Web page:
Jude's Reference to Michael.
This is the contrast: They, mere men, so despised authority as to rail against those in high authority; whereas Michael, the archangel, would not act thus even when disputing with Satan. The devil, the prince of evil, could rightly be said to deserve a railing accusation, but to such a thing Michael would not stoop. To say that Michael could not , in the sense that He did not have the power or the authority to do so, would not be true. It is not that Michael could not , in the sense of being restricted, but rather that He would not take such an attitude.
Scott's Bible remarks: He yet dared not to utter any reviling expression: not from fear of the devil; but because even in those circumstances, it would not have been consistent with the perfection of his character. They were abusive, defamatory, slanderous, even blasphemous. But Michael, even in dealing with the devil, revealed dignity and heavenly bearing. He could not descend to such a level of defamatory speech.
Instead of multiplying words, He authoritatively declared, "The Lord rebuke thee" verse 9.
The same expression is used in Jude. Might it not be, then, hat the same Divine Being is revealed here? Paul, writing to the Thessalonians, speaks of the "voice of the archangel" and associates that with the general resurrection of the saints; whereas in Jude, the reference specifically concerns the body of Moses. Another reference to Michael as leader of the angelic host is seen in Revelation Many scholars through the centuries have applied this to the days when 82 Satan rebelled, before ever our world was made.
Then there was war in heaven. Michael and His angels fought against the dragon and his angels. Here is evidently the beginning of the great controversy between the forces of righteousness and of evil. In this passage Michael and Satan are placed in contrast. Who is the Michael of this apocalyptic passage?
If Christ is the leader of the angel hosts, then we see here the first battle in the great conflict between Christ and Satan. There is good reason for this concept, for we read that it was through "the power of his Christ" that "the accuser of our brethren" was cast down Rev. Victory for the saints is possible only through our risen Lord. It was Christ who triumphed over Satan in the original encounter. And it is through Christ that we overcome in the continuing encounters against the devil and his evil hosts.
Matthew Henry remarked on this passage:. Christ, the great angel of the covenant, and his faithful followers; and Satan and all his instruments. Terms used concerning Christ are similar to those used or Michael: a of Christ , as "Prince of princes," as "prince of the host," as "Messiah the Prince," and as the "Prince of life"; b of Michael , as "your prince," and as the "great prince. As archangel is used of Michael, so is archegos and archon used of Christ. Thus: Christ is the archegos —the "captain", Heb. The beginning of the great controversy between Christ Michael and Satan is seen in Revelation Michael is equated with Christ by many Bible scholars.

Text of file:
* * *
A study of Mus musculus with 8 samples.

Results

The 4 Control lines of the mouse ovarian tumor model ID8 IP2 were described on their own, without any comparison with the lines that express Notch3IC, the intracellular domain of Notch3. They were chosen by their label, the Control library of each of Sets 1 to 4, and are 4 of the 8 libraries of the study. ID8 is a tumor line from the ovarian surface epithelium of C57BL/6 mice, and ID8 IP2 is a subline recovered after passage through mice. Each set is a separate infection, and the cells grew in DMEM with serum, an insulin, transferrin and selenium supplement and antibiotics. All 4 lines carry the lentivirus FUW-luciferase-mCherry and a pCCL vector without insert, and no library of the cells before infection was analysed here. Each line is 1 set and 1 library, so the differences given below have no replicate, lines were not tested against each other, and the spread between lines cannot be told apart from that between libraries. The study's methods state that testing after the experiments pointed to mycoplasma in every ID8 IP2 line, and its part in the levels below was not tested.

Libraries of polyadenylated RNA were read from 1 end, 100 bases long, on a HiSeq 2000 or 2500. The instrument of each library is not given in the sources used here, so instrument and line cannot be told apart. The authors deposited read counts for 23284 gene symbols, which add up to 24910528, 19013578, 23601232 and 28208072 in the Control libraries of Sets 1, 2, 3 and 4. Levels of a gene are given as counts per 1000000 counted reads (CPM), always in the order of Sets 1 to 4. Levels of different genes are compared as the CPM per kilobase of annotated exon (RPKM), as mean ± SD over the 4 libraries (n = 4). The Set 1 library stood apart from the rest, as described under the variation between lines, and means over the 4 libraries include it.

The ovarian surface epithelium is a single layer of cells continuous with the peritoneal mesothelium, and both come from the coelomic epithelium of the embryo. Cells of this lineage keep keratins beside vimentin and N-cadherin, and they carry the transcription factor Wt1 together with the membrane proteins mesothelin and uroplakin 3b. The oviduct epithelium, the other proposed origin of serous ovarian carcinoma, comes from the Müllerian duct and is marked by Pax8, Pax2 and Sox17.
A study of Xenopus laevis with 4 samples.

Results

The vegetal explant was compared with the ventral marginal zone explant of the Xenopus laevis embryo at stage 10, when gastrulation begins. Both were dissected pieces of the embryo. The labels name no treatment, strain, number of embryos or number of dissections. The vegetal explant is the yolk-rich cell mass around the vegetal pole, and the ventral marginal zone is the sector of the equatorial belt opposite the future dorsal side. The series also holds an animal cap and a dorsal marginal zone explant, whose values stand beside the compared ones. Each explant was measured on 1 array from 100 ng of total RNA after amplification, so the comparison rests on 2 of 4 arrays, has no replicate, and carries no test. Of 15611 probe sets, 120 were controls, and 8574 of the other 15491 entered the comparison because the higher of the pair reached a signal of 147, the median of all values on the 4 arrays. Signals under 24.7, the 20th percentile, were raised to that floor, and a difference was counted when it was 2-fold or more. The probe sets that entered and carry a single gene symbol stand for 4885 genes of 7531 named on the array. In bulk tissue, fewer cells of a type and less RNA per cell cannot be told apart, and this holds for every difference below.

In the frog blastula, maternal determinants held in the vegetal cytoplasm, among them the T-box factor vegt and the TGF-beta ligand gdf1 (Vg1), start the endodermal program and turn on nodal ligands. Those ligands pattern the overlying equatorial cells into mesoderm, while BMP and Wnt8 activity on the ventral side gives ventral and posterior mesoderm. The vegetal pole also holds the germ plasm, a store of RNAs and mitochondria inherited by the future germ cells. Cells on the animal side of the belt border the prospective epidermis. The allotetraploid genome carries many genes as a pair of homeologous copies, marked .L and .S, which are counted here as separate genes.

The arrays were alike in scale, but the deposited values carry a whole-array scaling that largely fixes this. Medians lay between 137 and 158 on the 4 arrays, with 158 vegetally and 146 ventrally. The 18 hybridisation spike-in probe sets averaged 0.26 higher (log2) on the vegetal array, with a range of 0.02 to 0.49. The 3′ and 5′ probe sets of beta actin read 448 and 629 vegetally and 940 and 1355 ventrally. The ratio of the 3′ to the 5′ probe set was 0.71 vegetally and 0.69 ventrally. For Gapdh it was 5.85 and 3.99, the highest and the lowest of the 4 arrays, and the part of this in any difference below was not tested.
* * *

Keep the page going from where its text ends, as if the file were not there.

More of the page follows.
From the foregoing it will be seen that our concept of Michael, as just another title for the Lord Jesus Christ, is vastly different from the views of others who teach that Michael is merely a created, angelic being and not the Eternal Word of God. In direct contrast to such a depreciating Christology, Seventh-day Adventists hold that Jesus is "very God of very God, of the same substance as the Father"—coequal, coexistent, and coeternal with God the Father.
We believe that there never was a time when Christ was not. He is God forevermore, His life being "original, unborrowed, underived. But the expression—'He will not pardon your transgressions,' and 'My name is in Him,' are too high for Moses.
For contrast with the inferior messenger, see chap. On Judges 6: "The person that gave him the commission was 'an angel of the Lord;' it should seem, not a created angel, but the Son of God Himself, the Eternal Word, the Lord of the angels.
JEAN-MICHEL BLAIS Robert
This angel is here called Jehovah, the incommunicable name of God, ver. On Judges "And this angel. On Daniel 3 "There was a fourth seen with them in the fire, whose form, in Nebuchadnezzar's judgment, was 'like the Son of God;' he appeared as a Divine person, a messenger from heaven, not as a servant, but as a Son.